By STEVE KNIGHT
POSEY — Cooper Lake State Park is an enigma.
Is it one park? Two? Two and a boat ramp? Two and four boat ramps? A park geared to fishermen or one for horseback riders?
Last year, 107,000 visitors came to find out for themselves.
What they found was one park divided into two units — one on the north shore and one on the south shore of Cooper Lake, five boat ramps, a special campsite and trails geared to horse owners.
Opened in 1996, Cooper Lake State Park is the newest facility in Northeast Texas. It covers 3,025 acres, 2,310 in the South Sulphur Unit in Hopkins County and another 715 in the Doctors Creek Unit just outside the Delta County town of Cooper. And despite its draw last year, a count that was actually down about 10 percent, there is plenty of room for more.
“We are really underutilized,” said Greg Dillon, complex supervisor.
He said park visitors typically find a park they like and prefer that to return to year after year instead of trying someplace new like Cooper.
But in recent years the word has been getting out about the space and opportunities at the park and on the lake, and the crowds have been picking up. But with 119 water and electricity pads, 28 screened shelters and cottages, 14 cabins and 15 primitive campsites spread across the two units, there is plenty of room for more.
“We could handle 200,000 visitors a year,” Dillon said.
The two units are divided more than just by water. The South Sulphur unit is popular with visitors from the Dallas-Fort Worth area as well as campers and day-use visitors from Paris, Sulphur Springs and even the Tyler area. The Doctors Creek area draws many of its 30,000-plus visitors from neighboring Cooper.
“They really like to come out on the weekend and stay,” Dillon explained.
The 19,000-acre Cooper Lake is the main attraction to visitors. It has excellent fisheries for hybrid striped bass, white bass, catfish and crappie. For those with boats there is one ramp at Doctors Creek and two at South Sulphur. The state also operates a ramp near the Tira community and another at Johns Creek at the adjacent Cooper Wildlife Management Area. Daily visitor entrance fees are required for launching for everyone not staying overnight in the park.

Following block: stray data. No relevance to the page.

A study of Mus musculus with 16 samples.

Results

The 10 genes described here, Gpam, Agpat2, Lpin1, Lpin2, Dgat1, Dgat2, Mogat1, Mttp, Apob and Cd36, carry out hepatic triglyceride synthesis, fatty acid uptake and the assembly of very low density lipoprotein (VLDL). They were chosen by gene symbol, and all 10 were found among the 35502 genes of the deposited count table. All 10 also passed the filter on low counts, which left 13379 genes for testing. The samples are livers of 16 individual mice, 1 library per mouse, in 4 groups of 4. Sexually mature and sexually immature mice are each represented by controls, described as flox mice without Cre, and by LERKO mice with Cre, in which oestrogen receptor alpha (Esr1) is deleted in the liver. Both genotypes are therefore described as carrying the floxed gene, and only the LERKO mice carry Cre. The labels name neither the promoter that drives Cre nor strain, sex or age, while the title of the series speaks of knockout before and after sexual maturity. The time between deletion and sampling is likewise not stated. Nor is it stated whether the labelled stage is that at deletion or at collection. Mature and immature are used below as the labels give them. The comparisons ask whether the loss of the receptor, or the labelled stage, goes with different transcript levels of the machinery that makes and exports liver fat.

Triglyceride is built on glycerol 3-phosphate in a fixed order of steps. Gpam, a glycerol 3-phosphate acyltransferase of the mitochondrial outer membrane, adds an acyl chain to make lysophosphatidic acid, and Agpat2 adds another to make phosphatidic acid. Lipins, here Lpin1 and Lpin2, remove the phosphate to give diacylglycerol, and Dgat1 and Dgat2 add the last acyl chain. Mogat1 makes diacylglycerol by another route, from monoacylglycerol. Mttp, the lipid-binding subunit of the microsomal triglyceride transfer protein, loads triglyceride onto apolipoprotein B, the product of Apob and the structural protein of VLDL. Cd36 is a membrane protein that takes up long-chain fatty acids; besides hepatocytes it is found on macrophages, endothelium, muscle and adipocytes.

Swim beaches and swimming areas are also available.
While the Corps of Engineers lake is a draw, it can also be a deterrent to visitation. Designed as both a water supply reservoir for cities in the Dallas area and a flood control reservoir, the lake can drop far enough that ramps and swim areas are out of the water.
However, because it is a Corps lake there isn’t any shoreline development other than the parks.
“One of the things I really like is that you can get on this lake and there are no housing developments.
You are in nature all of the time and can enjoy the sights and sounds,” Dillon said.
While most visitation is seasonal like at other state parks, the Cooper units do attract an unusual winter crowd. The lake, which is managed as part of the wildlife management area, is popular with duck hunters. Some access the lake through the ramps as day visitors, others will take campsites and stay several days.
While fishing, boating, hunting and swimming are the big attraction, the South Sulphur Unit is one of only 15 state facilities with an equestrian trail.
Horseback riders, who are required to show a negative Coggins test on their animals to bring them in the park, are based in the Buggy Whip campsite. Each site has water and electricity and a hitch for tying horses. Visitors may bring portable pens.
Dillon said most of those using the trails are from East Texas, adding they attract both individuals and groups.
For those without horses, both parks have extensive hike and bike trails.
Fourteen modern cabins are also a popular attraction at South Sulphur.
“Of all of the state parks these are some of the most modern and well-equipped,” Dillon said.
Most of the cabins overlook the lake. They sleep six, and everything is included except cooking utensils. The cabins rent for $95 a night, and while they can be reserved in advance through the state’s reservation system, cabins are picked on a first-come first-served basis daily.
South Sulphur does have an interpretive ranger who puts on weekly programs on everything from Dutch oven cooking to nature sounds and birding programs. The park is excellent for bird watching, especially waterfowl in the winter. An aggressive prescribed burn program within the park not only improves watching abilities, but has also attracted Eastern wild turkeys onto the grounds.